I try to think of myself as a fairly level headed guy and with that in mind I went to the local department store and bought a Great Outdoors Smoky Mountain gas smoker nicknamed the "Big Block". You think I am crazy? Well, I was tired of just taking everyone's word for it and had to find out for myself what the truth really was in this matter.
The propane smoker was easy to put together and it also came with a video which I watched to get the full experience. I did make a few minor modifications in that I did not use the smoker box that came with the unit. Instead I took a large coffee can and cut it down to where it would fit under the water pan.
The thin walled coffee can allowed the wood to start smoking within just a minute or so of putting it in and thus I did not lose any time waiting for the thick cast iron smoker box(which took half of forever and then some).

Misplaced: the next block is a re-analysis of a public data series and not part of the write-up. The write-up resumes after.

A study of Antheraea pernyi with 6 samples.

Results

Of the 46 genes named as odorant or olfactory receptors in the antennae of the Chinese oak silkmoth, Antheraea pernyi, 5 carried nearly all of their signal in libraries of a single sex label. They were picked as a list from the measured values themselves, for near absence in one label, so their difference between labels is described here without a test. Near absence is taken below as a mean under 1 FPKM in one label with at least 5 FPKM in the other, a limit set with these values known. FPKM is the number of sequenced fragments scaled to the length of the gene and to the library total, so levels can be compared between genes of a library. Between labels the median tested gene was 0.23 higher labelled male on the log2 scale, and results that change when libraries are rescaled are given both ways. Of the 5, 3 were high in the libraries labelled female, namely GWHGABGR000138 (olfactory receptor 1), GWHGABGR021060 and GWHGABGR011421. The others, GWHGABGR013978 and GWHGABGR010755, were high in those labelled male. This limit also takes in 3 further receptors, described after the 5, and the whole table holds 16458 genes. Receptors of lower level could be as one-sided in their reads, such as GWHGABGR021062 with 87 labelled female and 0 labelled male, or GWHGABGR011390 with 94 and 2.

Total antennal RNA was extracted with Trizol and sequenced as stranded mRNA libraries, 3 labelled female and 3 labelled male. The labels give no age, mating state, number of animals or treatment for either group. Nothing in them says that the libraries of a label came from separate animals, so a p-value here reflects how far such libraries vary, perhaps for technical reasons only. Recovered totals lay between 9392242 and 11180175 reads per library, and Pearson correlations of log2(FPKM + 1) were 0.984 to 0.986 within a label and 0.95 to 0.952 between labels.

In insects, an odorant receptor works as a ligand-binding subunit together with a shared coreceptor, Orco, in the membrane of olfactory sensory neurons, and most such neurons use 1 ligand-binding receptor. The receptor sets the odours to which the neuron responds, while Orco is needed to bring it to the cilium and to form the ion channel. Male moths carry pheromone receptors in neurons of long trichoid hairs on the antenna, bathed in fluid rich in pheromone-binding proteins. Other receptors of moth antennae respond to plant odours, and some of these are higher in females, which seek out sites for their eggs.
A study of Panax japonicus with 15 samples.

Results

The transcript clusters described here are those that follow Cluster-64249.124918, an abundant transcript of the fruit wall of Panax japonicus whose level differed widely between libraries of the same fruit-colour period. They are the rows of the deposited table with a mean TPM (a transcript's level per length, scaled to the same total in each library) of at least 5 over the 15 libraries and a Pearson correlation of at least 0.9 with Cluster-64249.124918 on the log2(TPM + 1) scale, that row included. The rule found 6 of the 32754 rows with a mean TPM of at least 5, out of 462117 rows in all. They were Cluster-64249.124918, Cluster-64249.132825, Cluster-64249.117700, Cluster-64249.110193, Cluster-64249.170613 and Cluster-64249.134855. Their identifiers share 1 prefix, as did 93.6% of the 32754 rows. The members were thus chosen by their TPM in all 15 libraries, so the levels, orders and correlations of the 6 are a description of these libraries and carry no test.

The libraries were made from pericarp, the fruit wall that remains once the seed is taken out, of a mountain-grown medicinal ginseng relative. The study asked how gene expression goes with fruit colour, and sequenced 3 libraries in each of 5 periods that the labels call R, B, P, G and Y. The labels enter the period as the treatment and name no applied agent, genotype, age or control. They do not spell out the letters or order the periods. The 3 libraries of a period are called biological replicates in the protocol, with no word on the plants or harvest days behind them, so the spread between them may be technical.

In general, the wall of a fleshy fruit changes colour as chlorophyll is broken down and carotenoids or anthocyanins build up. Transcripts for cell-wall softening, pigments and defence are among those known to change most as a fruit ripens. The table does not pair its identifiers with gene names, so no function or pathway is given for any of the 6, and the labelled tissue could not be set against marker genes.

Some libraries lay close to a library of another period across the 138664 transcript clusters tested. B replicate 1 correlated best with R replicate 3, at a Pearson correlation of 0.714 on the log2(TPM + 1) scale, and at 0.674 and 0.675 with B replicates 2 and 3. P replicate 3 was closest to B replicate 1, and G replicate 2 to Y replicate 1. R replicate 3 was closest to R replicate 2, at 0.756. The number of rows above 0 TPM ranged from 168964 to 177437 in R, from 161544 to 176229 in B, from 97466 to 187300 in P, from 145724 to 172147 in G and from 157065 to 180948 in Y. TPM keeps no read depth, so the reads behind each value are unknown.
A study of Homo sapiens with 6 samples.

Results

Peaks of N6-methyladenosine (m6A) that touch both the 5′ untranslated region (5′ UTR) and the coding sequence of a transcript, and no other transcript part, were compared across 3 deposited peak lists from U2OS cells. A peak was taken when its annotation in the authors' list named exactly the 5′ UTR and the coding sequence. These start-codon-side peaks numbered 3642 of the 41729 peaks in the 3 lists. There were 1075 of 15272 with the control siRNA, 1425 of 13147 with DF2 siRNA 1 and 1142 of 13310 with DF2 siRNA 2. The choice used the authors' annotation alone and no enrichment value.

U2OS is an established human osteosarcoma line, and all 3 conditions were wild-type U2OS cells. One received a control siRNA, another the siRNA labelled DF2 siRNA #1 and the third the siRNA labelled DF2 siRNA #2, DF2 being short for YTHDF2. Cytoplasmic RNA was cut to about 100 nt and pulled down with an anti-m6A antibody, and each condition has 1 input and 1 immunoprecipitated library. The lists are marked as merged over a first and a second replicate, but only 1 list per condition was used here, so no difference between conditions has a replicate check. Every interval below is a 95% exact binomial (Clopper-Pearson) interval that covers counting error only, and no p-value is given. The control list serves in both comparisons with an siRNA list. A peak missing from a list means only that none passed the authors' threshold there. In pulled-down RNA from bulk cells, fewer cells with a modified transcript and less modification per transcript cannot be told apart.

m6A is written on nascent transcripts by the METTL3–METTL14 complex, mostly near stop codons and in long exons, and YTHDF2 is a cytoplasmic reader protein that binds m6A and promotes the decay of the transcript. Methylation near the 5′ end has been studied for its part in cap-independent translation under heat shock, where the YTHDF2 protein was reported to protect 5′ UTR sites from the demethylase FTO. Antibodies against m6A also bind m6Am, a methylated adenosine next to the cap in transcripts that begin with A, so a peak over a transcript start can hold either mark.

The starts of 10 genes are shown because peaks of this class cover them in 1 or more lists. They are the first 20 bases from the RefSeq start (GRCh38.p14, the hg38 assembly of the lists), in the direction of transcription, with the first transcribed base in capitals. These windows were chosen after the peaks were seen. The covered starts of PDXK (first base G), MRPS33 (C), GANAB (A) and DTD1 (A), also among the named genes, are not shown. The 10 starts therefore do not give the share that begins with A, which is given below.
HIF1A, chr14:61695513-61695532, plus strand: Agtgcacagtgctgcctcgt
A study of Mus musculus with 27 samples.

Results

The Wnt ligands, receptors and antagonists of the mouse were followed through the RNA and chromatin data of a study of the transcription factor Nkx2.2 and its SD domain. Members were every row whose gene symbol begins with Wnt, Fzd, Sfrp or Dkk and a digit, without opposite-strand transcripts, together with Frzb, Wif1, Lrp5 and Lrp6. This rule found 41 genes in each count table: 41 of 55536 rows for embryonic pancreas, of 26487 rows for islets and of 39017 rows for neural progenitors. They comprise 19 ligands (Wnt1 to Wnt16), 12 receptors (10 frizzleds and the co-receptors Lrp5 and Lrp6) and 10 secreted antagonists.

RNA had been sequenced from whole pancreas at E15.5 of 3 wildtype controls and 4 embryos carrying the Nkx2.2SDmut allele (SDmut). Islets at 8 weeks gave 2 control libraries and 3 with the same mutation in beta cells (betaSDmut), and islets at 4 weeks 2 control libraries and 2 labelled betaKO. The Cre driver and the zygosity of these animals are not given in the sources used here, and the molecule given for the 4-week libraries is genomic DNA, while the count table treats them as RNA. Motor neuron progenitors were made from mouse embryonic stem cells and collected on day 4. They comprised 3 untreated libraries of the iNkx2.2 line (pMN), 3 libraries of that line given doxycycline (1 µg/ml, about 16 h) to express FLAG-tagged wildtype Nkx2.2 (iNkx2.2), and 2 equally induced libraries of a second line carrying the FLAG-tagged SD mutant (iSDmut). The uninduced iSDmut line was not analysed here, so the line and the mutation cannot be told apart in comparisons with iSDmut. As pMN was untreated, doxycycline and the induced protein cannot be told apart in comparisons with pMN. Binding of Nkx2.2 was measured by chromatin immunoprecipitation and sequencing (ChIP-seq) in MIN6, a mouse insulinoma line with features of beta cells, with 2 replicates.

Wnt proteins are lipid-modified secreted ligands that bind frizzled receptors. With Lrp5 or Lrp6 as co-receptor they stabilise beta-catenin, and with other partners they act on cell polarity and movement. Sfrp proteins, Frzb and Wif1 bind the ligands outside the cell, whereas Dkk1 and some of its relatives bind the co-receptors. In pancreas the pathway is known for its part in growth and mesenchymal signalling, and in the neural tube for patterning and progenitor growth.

I have since smoked turkeys, cornish hens, pork shoulders, too many briskets to count and more than my share of spare ribs and I have to say that I have been able to accurately duplicate the wood flavor in my propane smoker. I have had seasoned experts eat my barbecue and become raving fans.
I even had some people from south Texas… barbecue connisseurs, tell me it was the best they had ever eaten. Did I tell them it was smoked in a propane smoker? No. Of course not. It would have hurt their pride but I know and that's what counts.
I know… I know… gas smokers make it too easy and the true spirit of barbecue comes from tending the fire and using real wood logs or hardwood lump charcoal but for the guy who likes to smoke a slab of ribs once in a while and he just enjoys gettin it done so the family and neighbors can rave… propane may be the way to go.
To sum it all up… I think the true spirit of barbecue is deep rooted in time spent outdoors with family and friends. Whether it is cooking over a camp fire, in a wood smoker, or in a Big Block propane smoker it is time well spent and the food will be tasty.